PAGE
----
Summer is winding down, fall is around the corner and a new school year is upon us. That means our parental responsibilities are once again going into double time. With car pools, study groups, sports practice and after-school commitments, it’s a wonder we ever have a moment to ourselves…and it’s easy to let the small, but important tasks go by the wayside. Making those sack lunches are one of those key functions that we need to attend to, but too often, we surrender to the easy solutions. You know: the Lunchables Deep Dish Pizza route or the bag of Pringles and an Oreo cookie four-pack (along with the ham & cheese on white)? Sure, it gets the job done, but you know you could do far better. And more and more of us are doing exactly that.

One of the greatest trends of school nosh time is the reinvention of the Sack Lunch. A dedication to making our kids’ lunches less boring, more nutritious and as wholesome as possible. If you’re reading this thinking you don’t have time in your  already packed day, don’t worry… you’ll need 15 minutes max. And if you make it the night before, all you have to do is wrap it up in the morning and you’re golden!

To inspire you, here are some easy tips (and recipes) that can make your sack lunch adventures more nutritious for your kids and more satisfying (and guilt-defying) for you.

1. Cut Down on the Processed Foods

Zoodle Salad

Processed foods like what you find in so many pre-made lunch packs are filled with fat, additives and often an over-abundance of sugar. If you make your own creative lunches for your kids, you can control their nutrition and feel good about what you’re feeding them. A favorite very “today” kind of lunch starts with an easy-to-use spiral slicer and ends with a delicious Zoodle salad like the Southwestern Zoodle Salad by Sur La Table. Add a slice of whole-wheat pita bread on the side and some red grapes for dessert. Another easy thought is fruit salad with low-sugar yogurt and a couple tablespoons of peanut butter with low-ingredient crackers like Triscuits. It will be filling and not just another old boring sandwich.

2. Be Creative with Sandwiches

lettuce wrap

Ham and cheese on white bread just doesn’t cut it anymore, folks. Give your kids some credit and treat them with a whole-wheat lavash wrapped around hummus, avocado and sunflower seeds or lettuce cups filled with chopped chicken salad or a little P.F. Changs-esque lettuce wrap action. Both options are low maintenance to make but oh so delicious to eat.

3. Update Old School Lunchbox Recipes

Banana Almond Butter

There’s nothing wrong with peanut butter and jelly. It’s filled with protein, and as long as you use wholesome bread and just a teaspoon or so of jelly, you’re doing ok. But if you want to go a step farther in the yummy department, try an Almond Butter (cold-pressed for the best nutrition) and Banana Sandwich on whole wheat. Another way to update old school lunches is to add something wonderfully unexpected, like a few slices of avocado or marinated cucumber slices on that turkey sandwich—tasty veggies add great flavor to an otherwise boring sandwich.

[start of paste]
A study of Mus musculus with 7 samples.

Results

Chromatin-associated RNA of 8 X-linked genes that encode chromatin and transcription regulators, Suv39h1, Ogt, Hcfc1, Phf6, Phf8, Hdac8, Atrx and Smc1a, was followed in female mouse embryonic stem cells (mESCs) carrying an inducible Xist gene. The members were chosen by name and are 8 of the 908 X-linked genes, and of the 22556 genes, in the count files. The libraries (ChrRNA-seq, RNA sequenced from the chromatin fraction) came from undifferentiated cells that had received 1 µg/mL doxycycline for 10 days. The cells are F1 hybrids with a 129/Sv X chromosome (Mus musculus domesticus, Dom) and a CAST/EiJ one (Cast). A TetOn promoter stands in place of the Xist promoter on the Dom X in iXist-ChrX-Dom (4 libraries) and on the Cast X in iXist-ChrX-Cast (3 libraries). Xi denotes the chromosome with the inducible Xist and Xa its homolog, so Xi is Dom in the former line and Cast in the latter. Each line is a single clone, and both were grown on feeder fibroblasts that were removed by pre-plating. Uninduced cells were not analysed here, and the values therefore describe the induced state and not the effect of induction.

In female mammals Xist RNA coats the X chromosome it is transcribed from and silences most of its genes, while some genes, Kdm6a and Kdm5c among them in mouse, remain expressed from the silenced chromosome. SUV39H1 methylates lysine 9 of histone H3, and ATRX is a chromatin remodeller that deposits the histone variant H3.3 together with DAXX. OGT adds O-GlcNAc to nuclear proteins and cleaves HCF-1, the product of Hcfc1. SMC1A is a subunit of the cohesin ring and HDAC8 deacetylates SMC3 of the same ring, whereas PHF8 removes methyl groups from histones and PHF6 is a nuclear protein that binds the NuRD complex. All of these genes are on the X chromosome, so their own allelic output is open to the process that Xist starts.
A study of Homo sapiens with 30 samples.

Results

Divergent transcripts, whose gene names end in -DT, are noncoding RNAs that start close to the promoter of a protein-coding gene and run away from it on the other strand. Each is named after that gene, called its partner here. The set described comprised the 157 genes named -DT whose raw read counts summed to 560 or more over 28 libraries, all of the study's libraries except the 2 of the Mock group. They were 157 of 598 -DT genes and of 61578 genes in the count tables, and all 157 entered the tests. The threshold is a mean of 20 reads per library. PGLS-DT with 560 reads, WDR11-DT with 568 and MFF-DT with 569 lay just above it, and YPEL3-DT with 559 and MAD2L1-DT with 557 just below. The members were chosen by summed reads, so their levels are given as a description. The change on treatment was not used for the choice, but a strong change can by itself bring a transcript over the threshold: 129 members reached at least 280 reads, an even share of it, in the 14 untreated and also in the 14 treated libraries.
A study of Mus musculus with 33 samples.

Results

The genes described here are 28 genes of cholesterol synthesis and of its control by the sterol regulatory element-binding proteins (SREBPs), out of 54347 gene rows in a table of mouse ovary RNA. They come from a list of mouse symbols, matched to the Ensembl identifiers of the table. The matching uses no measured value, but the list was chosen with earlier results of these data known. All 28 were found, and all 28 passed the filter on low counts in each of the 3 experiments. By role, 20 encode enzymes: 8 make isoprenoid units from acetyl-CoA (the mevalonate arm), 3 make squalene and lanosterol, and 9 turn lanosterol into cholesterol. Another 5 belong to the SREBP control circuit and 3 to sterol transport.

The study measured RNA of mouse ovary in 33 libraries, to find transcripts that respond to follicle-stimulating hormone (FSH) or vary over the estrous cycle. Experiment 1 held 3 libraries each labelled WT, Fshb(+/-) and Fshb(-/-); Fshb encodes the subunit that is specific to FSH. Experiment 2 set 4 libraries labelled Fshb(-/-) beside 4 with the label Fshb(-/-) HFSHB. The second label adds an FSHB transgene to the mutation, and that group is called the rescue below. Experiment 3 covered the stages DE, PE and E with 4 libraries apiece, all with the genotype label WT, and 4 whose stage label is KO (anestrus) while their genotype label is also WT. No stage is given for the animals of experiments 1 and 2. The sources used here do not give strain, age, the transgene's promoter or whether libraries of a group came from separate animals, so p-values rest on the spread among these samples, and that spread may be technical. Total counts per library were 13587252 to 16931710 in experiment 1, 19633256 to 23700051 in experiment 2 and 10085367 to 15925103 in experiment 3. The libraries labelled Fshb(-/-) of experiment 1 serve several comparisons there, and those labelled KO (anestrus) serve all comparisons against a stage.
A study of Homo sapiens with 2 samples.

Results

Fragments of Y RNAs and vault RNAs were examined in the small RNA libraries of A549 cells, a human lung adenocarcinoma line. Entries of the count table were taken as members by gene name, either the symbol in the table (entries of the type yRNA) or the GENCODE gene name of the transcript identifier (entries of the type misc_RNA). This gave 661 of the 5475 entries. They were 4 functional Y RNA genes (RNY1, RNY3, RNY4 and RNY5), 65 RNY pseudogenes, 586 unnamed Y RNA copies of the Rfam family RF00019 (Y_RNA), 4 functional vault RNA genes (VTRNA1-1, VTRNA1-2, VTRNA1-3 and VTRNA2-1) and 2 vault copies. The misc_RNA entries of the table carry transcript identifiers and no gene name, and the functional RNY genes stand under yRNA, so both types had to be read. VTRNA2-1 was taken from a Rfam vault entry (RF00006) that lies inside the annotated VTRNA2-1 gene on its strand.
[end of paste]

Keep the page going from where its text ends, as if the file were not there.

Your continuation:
4. Pack Healthier Crunchy Treats

almonds

Kids usually expect a munchy treat on the side of their sandwich, wrap or even salad. That typically means Kettle Chips or Doritos in the everyday household—but not in yours, super parents! Flavored kale chips can satisfy that crunch just fine, as well as popcorn, sea salt almonds or a handful of Triscuits. Healthier options are commonplace at your local grocer, so take a chance—your kids’ taste buds may be more sophisticated than you think.

5. Make the Sweet Treat Healthier

muffins

The other lunchbox expectation is the sweet treat. Kids definitely want that little sugar rush at their end of their meal. (Their teachers however, would beg you to reconsider if they could!) Instead of cookies or chocolate, try something naturally sweet like fresh fruit. You could even cookie-cut them into cute shapes to make them more fun to indulge in. A healthy mini-muffin is another great idea, such as this Blueberry Muffin recipe from Harvard School of Public Health.

6. Pack with Style

Bag the brown paper bag and clunky lunch box for a stylish and eco-friendly lunch container like this Bento Colors chic bento box or this felt lunch bag from LunchBots. For more lunchbox and bag ideas, check out this great round-up on Brit + Co. And for packing the goods inside, lunchskins and Itzy Ritzy area two great sources for easy-to-clean, food-safe, reusable sandwich bags that also happen to look amazing.

Do you pack a sack lunch for your kids? How important is the nutrition factor to you? Let us know in the comments section below.